Hanging a Wall Trellis on Stucco

Wall trellises are a fantastic way to add a touch of grace and character to the outside walls of your home. Climbing plants thrive with the presence of the vertical structure provided by a trellis, and when attached to a wall, these vertical pieces of art allow for greenery and the artistic nature of the trellis to adorn the wall.

However, while these wall trellises add a great amount of beauty to the home, installation can sometimes be a little tricky, in recent blog posts we covered hanging these trellises on  drywall/wood click here and on masonry click here. In this post we’ll try to provide some tips on stucco siding to help you get your wall on track.

Stucco is essentially a concrete mix that forms a rock solid exterior on your house, it is typically mixed with several other materials to form a texture and color that is much more appealing to the eye than a wall made of concrete cinder blocks. However, stucco siding is not like your typical all concrete wall, it usually exists as a siding. This means that a sheet of stucco is created from a somewhat thin layer of stucco mix and then attached to a wall that contains insulation and either wooden or metal studs along the length of the wall. This unique construction means that a stucco wall will use principles from exterior siding regarding wooden/metal studs and masonry.

Before we begin, know that this process while not being the same beast anchoring into masonry can be, it can be a little trickier. For this reason we advise that you hire a professional to attach your wall trellis if you have little to no experience in DIY home tasks or construction, or even if you are just not quite confident in being able to do so. DIY tasks can be fun and rewarding to the homeowner, but improper attempts to attach a heavy metal wall trellis may result in significant damage to the wall, and falling wall items may cause serious harm to others.

Drill or Hammer Drill

1 to 2 Masonry Drill Bits

Wall Brackets

Stud Finder

Lag Bolts

Wrench or Socket

Eye Protection


Pipe Cleaner or Canned Air

Wall Trellis

You May Need:

Wall Anchors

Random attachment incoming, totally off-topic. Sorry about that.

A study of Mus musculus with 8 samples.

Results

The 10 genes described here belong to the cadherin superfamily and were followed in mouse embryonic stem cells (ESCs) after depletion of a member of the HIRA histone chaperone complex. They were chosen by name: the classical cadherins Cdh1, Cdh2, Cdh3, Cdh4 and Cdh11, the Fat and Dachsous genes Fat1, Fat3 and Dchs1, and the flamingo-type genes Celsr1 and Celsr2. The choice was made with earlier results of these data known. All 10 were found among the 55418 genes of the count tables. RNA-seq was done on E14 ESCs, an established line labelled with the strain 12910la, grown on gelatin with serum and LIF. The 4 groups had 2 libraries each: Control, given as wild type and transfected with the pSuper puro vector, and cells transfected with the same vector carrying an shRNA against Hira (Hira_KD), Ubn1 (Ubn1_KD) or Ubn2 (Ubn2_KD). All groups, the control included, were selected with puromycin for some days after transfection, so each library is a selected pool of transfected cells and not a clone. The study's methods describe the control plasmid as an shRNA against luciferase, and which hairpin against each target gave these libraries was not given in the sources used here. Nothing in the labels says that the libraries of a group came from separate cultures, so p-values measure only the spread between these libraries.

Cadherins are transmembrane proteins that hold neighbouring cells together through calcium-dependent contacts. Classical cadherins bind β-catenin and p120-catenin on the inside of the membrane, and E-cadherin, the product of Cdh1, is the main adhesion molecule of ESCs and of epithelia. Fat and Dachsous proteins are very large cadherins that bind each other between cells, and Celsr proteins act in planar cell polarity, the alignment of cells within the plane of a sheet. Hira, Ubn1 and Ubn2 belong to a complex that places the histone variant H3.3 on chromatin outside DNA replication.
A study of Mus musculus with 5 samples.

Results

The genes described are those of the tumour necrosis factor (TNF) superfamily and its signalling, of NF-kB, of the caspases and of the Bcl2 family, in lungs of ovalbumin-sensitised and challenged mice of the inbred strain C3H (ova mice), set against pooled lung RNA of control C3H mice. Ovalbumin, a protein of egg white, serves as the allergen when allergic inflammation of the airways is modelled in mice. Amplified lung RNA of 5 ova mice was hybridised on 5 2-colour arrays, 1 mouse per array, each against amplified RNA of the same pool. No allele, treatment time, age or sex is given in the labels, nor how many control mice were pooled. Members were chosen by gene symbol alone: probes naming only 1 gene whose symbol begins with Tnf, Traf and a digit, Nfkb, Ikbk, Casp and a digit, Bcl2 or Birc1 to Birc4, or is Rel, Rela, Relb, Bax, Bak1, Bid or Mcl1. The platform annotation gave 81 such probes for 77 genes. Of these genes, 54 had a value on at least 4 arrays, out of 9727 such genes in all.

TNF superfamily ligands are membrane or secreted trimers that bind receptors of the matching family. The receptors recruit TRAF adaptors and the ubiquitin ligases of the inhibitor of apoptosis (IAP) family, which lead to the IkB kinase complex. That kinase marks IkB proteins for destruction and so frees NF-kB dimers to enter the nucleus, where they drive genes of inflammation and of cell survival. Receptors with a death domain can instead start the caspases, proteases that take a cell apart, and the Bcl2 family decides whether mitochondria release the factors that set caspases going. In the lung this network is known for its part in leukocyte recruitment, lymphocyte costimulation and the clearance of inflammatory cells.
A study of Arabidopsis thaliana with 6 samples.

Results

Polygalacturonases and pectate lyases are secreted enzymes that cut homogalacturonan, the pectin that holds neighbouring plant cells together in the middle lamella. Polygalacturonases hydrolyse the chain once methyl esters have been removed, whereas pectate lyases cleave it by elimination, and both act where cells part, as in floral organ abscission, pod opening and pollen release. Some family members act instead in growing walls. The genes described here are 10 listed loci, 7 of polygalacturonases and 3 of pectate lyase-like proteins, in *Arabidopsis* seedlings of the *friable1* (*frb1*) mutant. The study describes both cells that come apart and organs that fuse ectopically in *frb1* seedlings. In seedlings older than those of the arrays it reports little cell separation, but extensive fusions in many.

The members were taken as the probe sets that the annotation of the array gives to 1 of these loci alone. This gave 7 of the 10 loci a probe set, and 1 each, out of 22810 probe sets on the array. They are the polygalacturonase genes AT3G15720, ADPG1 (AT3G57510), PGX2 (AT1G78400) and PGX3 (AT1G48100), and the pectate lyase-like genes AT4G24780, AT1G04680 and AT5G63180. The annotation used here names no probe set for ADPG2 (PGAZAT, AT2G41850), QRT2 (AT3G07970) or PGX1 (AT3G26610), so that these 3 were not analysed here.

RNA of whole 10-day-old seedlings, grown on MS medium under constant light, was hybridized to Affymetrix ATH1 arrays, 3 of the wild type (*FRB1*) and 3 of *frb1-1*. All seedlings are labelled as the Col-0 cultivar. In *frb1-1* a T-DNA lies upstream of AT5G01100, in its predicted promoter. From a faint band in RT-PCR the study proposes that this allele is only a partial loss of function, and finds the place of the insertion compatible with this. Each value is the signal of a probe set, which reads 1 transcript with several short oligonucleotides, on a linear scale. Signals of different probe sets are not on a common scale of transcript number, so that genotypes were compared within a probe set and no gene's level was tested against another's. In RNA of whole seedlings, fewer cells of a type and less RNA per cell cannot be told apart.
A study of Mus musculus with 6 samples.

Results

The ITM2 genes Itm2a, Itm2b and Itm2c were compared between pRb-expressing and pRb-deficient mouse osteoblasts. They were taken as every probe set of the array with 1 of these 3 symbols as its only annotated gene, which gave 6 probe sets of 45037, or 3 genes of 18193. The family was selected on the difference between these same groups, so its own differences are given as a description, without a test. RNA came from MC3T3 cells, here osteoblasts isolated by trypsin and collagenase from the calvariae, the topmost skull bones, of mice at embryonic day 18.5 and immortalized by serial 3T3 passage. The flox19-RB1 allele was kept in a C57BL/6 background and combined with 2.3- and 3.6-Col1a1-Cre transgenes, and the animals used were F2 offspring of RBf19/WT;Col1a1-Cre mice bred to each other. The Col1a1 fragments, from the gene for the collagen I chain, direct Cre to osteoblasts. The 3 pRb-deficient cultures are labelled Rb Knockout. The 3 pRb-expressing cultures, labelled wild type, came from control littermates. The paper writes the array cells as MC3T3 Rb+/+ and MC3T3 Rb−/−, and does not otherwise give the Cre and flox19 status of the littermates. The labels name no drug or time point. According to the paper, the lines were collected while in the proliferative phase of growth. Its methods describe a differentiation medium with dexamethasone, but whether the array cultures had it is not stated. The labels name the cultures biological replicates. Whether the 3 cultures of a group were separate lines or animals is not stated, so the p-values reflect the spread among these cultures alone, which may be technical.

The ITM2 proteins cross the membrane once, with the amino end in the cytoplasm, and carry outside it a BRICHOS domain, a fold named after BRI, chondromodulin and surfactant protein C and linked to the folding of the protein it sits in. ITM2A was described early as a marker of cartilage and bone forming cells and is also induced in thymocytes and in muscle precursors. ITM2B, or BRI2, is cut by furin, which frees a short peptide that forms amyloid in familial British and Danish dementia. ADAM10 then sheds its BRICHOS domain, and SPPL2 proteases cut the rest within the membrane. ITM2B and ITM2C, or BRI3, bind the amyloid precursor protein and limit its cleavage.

Hammer or Rubber Mallet

Planning to Install H Potter Trellises with Wall Brackets

H Potter sells wall brackets that can be used for the majority of wall trellises. These brackets include an L-shaped shelf on which to set the trellis and standard lag bolts to fix the trellis to the wall. Find the right location for your brackets, we suggest that you place two brackets at the bottom of the trellis, where the flat surface will rest well on the brackets (this is the perfect place to anchor your brackets into wall studs). Find other flat surfaces on the trellis that can rest on the brackets to ensure that installation goes as smoothly as possible. It is paramount that while mounting something as heavy as a metal wall trellis, you should have at least one point of contact within a stud, which is the strongest section of the wall.

While the outer layer of stucco seems stable enough to hold the weight of a trellis, it is a somewhat thin layer of siding and likely will not have the integrity to hold the entire weight of the trellis on its own. Your first step should be to find the location of the studs that are in the wall. This process is certainly going to be a little tricky, as the stucco on the outside of the wall can obscure the stud finder tool. If you are unable to find a stud on the exterior of the wall, finding the interior side of the wall and finding the stud is another possibility. This allows you to find the stud on the interior and determine its location relative to the exterior. While you don’t have to anchor all your brackets into a wall stud, it will be worth having at least one point of contact and using wall anchors for any remaining screws that are not anchored into a wall stud.

Once you have found where the studs are located in your wall, you should decide where you will drill your pilot holes. Mark the planned out spot with something that will easily wash off the wall. Eye protection is a must and a mask may be worn if you are sensitive to stucco particles, so make sure you are properly protected before drilling your pilot holes. Stucco is a hard surface, but not quite as solid as masonry, so you may or may not need a hammer drill depending on the thickness or composition of your wall. You will however, need a masonry drill bit to get through the outer layer of stucco and reach the wooden or metal wall studs that are underneath. When you have made contact with a wooden stud there will most likely be some wood particles in the drill bit. Clear the hole of any extra material using canned air or a pipe cleaner.

Once you have drilled through the stucco, you may need to insert wall anchors in any pilot holes that are not in a wall stud. To do so, place wall anchors in the pre-drilled hole and using a hammer or rubber mallet, lightly tap the anchor into the hole. You will then be able to secure brackets to the wall using screws or lag bolts.

Now that your pilot holes are prepped, insert the lag bolts or screws to attach brackets. Make sure that your fasteners are long enough to reach through the stucco and anchor in the wall stud. Tighten the brackets to the wall and make sure that everything is in the right place and tightly secured.

With the help of another adult, pick up the trellis and carefully place it on the firmly secured wall brackets. Congratulations, you have spruced up your stucco wall and can begin gardening with the help of your metal wall trellis!